Wednesday, 28 February 2018

The race to the bottom

It is right that the government and opposition parties should be competing with each other to offer alternative views of the future.  But that doesn’t make it sensible for them to compete to see who can come up with the most inane ideas about borders and customs union.  In a tight race this week to see who could say the silliest thing on the issue, Corbyn’s claim that we could be part of a customs union in which the UK could set its own external tariffs was narrowly pipped by Johnson’s claim that the whole border issue is as simple as recording the registration numbers of vehicles crossing it.  Neither show much understanding of the question.
What the Government has failed to explain to the satisfaction of just about anyone so far is why it is so important that the UK should be able to negotiate its own trade deals rather than relying on the 60 or so trade deals which the EU already has in place and the new deals which it is already pursuing.  Why duplicate or compete with that, just to put a different flag on the agreement?  In fairness to Corbyn and Labour, as I understood what Corbyn and his supporters to be saying this week, the reason that they want to be able to do that is because they feel that the EU has been discriminatory against poorer countries in its current tariff structures.  If true, that’s a fair point, and a reasonable basis for seeking change.  The problem with Labour’s position is that they seem to believe that they can both stay within a single tariff regime with the rest of the EU and at the same time adjust the UK’s tariffs with the countries concerned.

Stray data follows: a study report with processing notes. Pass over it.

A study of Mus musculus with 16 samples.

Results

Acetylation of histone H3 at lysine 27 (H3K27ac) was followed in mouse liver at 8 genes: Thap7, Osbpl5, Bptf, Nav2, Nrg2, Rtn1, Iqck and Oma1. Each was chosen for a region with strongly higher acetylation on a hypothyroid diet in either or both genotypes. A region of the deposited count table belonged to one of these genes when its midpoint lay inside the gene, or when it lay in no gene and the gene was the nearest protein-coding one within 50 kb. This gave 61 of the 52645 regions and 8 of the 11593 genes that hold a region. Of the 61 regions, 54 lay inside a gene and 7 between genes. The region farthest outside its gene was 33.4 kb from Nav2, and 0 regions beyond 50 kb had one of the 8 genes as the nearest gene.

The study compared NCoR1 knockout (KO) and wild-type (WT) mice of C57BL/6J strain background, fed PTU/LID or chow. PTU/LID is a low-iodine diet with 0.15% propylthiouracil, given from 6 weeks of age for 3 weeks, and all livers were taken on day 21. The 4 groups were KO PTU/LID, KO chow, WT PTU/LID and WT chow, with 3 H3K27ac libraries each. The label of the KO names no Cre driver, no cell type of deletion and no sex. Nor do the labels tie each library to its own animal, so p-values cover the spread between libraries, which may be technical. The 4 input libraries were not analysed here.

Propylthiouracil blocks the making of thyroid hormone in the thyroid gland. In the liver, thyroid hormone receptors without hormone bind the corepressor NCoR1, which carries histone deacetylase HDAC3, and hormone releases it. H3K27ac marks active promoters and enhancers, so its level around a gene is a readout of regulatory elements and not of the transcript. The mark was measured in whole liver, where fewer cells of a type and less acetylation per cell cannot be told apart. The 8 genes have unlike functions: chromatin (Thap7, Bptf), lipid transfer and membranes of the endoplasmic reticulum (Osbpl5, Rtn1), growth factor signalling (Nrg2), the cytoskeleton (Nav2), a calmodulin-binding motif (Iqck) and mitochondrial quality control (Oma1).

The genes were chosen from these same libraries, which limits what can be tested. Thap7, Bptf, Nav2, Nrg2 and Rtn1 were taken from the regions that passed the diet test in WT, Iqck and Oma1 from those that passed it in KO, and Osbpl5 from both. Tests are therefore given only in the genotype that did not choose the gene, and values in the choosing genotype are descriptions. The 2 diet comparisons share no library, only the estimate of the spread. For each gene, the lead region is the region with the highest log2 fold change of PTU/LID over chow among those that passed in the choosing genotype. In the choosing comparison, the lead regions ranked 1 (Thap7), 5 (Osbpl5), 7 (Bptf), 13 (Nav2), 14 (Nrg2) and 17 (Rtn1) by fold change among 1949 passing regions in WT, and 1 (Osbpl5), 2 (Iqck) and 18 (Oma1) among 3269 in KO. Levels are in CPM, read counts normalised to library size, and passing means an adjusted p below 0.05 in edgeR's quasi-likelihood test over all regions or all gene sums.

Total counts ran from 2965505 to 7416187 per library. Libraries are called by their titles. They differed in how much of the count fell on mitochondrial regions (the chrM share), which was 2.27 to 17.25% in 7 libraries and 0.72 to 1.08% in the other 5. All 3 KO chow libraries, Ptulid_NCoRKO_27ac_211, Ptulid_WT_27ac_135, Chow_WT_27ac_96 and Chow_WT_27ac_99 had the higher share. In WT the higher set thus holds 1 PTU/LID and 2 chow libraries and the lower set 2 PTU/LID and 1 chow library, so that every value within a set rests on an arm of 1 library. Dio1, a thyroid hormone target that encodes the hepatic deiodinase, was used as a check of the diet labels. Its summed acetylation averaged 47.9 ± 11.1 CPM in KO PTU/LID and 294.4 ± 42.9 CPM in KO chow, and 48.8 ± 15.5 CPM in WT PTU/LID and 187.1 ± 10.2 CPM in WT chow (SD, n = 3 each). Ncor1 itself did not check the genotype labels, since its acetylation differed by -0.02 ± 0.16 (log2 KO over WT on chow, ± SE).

If we use a few simple figures to illustrate the point, what they are arguing in essence is that their (new, improved, bespoke) customs union can impose a common external tariff of, say 20%, and that the UK can then negotiate separate deals to reduce that tariff to say 10% (or even 0%) for those poorer countries to help them to improve their economies.  In principle, that’s simple enough – provided that those imported goods then stay inside the UK and are not transported elsewhere with the customs union.  But the point of the customs union is that goods from one member state can flow freely to all the others.  How would one prevent goods from being imported to, say, Belfast with no tariff and then transported by lorry to Dublin where the common external tariff of 20% applies, without introducing the sort of hard border which Labour say their proposal is designed to obviate? 
The whole point of a customs union is that it allows goods to flow across the ‘internal’ borders of that union without requiring any tariffs; Labour’s proposal would seem to undermine that completely.  Their fraternal support for the poor whose goods are being shut out of the EU is well-intentioned but, assuming the truth of the claim, what is the best way of seeking change?  Is it by changing the EU’s trade policies to allow those poorer countries better trade access to the whole EU market of 500 million, or is it by negotiating UK specific deals which only allow access to the UK market of 60 million? 
Noting the registration details of vehicles crossing the border with no clue as to who or what is inside them was the even sillier response from the Foreign Secretary who seems not to comprehend the difference between a county border and an international one.  His proposal would certainly provide an electronic list of which vehicles are in the UK at any time and which are not.  But it would tell us nothing at all about who or what was in the vehicles.  Obviously ‘taking control of our borders’ is rather less important to him than he said it was.